Why does the Collegian hate State Patty’s Day?
We have a thorough analysis, including a response from Safeguard Old State Founder Tom Shakely, after the jump. If you’re at all interested in Penn State politics (or drinking or drinking while talking about Penn State politics), it’s worth reading.
The Collegian’s Argument (Source)
The Collegian says that basis of having a State Patty’s Day this year is “laughable at best. (According to the holiday’s founder, State Patty’s Day was begun to “prove that despite a reputation for excess, we might just be able to teach ourselves moderation if given the chance.” Regarding this year specifically, he said, “we’re having State Patty’s Day on a Saturday so Penn Staters can avoid missing classes by celebrating on the actual ‘St. Patrick’s Day’ in March.”)
The Collegian also ridicules Safeguard Old State’s involvement with State Patty’s Day.
Even more laughable is Safeguard Old State’s (SOS) current attempt to commandeer the holiday for its own agenda. State Patty’s Day began as a grassroots reaction to having one less day to get drunk in State College; SOS wants to turn it into an exemplar of how Penn State students can practice responsible drinking.
The Collegian says it is off base and counterintuitive to suggest that State Patty’s Day brings the Penn State community together. The paper’s substantiation seems to be that because THON is such an exemplary demonstration of bringing the community together, State Patty’s Day cannot be a demonstration of bringing the community together since all it consists of is “drinking dyed beer and passing out before the sun sets.”
State Patty’s Day is a shaky tradition as it is, particularly now that the reason for its inception no longer exists. For SOS to take it over for its own purposes and shroud it in a moral fog only serves to weaken the holiday.
There are many effective opportunities to promote safe drinking; a holiday dedicated to the very act of imbibing is not one of them.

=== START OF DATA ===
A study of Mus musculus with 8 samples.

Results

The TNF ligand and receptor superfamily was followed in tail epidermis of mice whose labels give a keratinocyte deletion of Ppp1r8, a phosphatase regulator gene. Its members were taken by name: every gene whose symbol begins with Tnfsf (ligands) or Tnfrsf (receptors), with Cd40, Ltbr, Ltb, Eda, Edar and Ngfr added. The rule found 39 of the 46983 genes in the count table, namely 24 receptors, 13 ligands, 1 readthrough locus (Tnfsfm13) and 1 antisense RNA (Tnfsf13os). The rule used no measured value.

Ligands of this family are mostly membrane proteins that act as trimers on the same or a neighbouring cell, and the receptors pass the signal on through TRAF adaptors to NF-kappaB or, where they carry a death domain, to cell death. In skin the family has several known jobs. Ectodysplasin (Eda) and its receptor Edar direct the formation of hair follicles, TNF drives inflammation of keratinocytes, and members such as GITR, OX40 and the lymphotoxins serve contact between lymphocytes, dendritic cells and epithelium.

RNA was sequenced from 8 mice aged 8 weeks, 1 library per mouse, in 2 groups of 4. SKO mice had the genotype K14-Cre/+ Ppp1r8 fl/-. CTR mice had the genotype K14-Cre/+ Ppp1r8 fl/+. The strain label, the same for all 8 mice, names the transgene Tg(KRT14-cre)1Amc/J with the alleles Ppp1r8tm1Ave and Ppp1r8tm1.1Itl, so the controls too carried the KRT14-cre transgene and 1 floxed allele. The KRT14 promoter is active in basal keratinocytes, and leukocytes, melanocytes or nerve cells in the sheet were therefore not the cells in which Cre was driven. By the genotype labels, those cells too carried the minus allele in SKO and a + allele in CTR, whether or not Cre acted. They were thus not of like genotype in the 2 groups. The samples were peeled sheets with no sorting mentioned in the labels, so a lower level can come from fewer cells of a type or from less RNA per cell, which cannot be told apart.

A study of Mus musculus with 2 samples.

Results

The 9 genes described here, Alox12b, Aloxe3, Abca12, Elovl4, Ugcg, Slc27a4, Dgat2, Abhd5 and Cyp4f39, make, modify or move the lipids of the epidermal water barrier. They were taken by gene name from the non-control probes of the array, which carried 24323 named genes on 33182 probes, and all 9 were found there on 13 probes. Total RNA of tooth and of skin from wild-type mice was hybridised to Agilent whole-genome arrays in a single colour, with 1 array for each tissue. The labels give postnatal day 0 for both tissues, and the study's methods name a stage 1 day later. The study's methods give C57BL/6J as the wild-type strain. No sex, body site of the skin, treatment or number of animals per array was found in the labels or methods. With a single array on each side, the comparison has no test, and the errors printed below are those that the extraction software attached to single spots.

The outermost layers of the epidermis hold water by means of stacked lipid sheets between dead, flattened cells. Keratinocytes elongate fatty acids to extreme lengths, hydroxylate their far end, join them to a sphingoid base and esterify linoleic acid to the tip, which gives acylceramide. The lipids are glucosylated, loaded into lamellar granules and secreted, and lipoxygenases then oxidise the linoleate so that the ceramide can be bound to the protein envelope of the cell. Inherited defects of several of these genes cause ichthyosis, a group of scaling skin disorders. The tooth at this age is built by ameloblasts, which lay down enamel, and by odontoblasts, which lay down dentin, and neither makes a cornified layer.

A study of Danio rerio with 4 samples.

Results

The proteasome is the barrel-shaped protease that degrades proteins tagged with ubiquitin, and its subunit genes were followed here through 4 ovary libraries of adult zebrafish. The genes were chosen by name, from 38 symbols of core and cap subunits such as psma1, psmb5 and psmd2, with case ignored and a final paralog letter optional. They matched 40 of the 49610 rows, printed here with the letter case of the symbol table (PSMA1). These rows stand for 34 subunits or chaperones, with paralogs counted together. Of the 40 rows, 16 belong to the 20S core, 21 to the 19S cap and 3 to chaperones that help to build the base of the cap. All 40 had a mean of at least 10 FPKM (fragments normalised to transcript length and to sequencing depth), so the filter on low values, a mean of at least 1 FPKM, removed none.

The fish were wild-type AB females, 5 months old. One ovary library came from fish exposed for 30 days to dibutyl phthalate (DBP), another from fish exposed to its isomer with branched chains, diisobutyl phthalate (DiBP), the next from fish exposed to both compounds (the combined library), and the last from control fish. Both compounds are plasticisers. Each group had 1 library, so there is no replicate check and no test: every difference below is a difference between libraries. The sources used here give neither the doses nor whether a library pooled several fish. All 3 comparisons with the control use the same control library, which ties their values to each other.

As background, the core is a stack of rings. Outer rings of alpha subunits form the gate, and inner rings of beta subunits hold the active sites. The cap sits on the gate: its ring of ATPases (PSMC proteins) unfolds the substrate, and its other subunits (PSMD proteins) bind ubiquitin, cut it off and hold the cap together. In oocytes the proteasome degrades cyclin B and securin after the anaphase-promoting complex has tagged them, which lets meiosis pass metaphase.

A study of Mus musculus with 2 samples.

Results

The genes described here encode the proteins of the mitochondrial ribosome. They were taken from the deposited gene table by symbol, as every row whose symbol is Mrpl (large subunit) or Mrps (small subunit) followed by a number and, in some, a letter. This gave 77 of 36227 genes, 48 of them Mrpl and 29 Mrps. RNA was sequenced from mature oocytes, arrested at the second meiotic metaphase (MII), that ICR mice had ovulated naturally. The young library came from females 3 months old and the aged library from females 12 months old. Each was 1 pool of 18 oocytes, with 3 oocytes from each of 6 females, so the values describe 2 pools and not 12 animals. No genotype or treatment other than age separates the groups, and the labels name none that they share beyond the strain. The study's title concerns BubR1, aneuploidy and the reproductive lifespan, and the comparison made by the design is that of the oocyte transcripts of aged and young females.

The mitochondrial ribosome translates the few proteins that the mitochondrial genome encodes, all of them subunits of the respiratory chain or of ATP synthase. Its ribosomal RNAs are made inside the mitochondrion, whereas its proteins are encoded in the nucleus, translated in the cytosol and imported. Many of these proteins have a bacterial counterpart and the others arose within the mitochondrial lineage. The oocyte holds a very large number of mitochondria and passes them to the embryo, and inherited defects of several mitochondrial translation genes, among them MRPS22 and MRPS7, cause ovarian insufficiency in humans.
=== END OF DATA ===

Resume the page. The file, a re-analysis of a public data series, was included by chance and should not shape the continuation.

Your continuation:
That’s the bulk of the editorial’s argument. The editorial also states:
On top of that, SOS wants the university to offer alternative programming for the holiday. If Penn State doesn’t want people to drink — and it shouldn’t — the best method is to just ignore it.
Tom Shakely’s Response (via Email)
Shakely argues that State Patty’s Day is a student holiday.
It’s not managed top down other than a few students picking a date.
He says Safeguard Old State’s involvement with the holiday is “nothing more than for morale.” According to Shakely, State Patty’s Day is organic and cannot be regulated.
Though the community is getting together to drink, it’s still getting together. He says that “is pretty remarkable at a University where so many (The Daily Collegian included) bemoan mass apathy and dis-engagement.” And, if the community is getting together to drink, it is as good an opportunity as any to promote responsible drinking.
Will State Patty’s Day lead a new revolution in real, moderate, responsible adult consumption in Happy Valley?
I don’t know, but it’s certainly got a better shot than The Daily Collegian’s suggestion to “just ignore” drinking. As it anyone at the newspaper even believes that. I’ve spent time at bars — the Phyrst, Pickles, Rathskeller and others — with reporters and editors from The Daily Collegian in the past, and I’ll bet I’ll see at least a few of them downtown on Feb. 28.
The Collegian is absolutely right– the basis for State Patty’s Day is laughable. College students want to drink to celebrate Saint Patrick’s Day, but would prefer to do it on a Saturday rather than a Tuesday! Zomg!
It’s not as if Saint Patrick’s Day in its generally accepted form celebrates the greater good or anything like that.
Saint Patrick’s Day was instituted to celebrate Saint Patrick (duh), one of the patron saints of Ireland, but it has devolved into a day on which one drinks vaguely Irish alcoholic drinks and wears green. Is that any less laughable? Does it make the holiday any less absurd if one is drinking for the Irish than for Penn State?
We don’t think so. And, isn’t it marginally better to have the celebration on a Saturday than on a Tuesday? (OK, that does assume that people will only be celebrating one night…)
It’s going to happen either way.
Shakely’s right when he says that State Patty’s Day is an organic thing. Take a look at the Facebook group. As of this evening, it has 3,300 members. I guarantee that as Saturday approaches, the number of group members will rise even further. A dominating majority of those students view State Patty’s Day as an occasion to drink, and many probably don’t equate it with Safeguard Old State at all.
What’s wrong with Safeguard Old State trying to temper the alcoholic enthusiasm through its State Patty’s Day efforts?
We agree with Shakely that a more enlightened approach to alcohol is needed. It’s ludicrous that the Collegian thinks that if the University doesn’t want people to drink, it should just ignore the issue.
Safeguard Old State’s State Patty’s Day efforts will probably amount to nothing. But it can’t hurt, can it? It’s just whatever.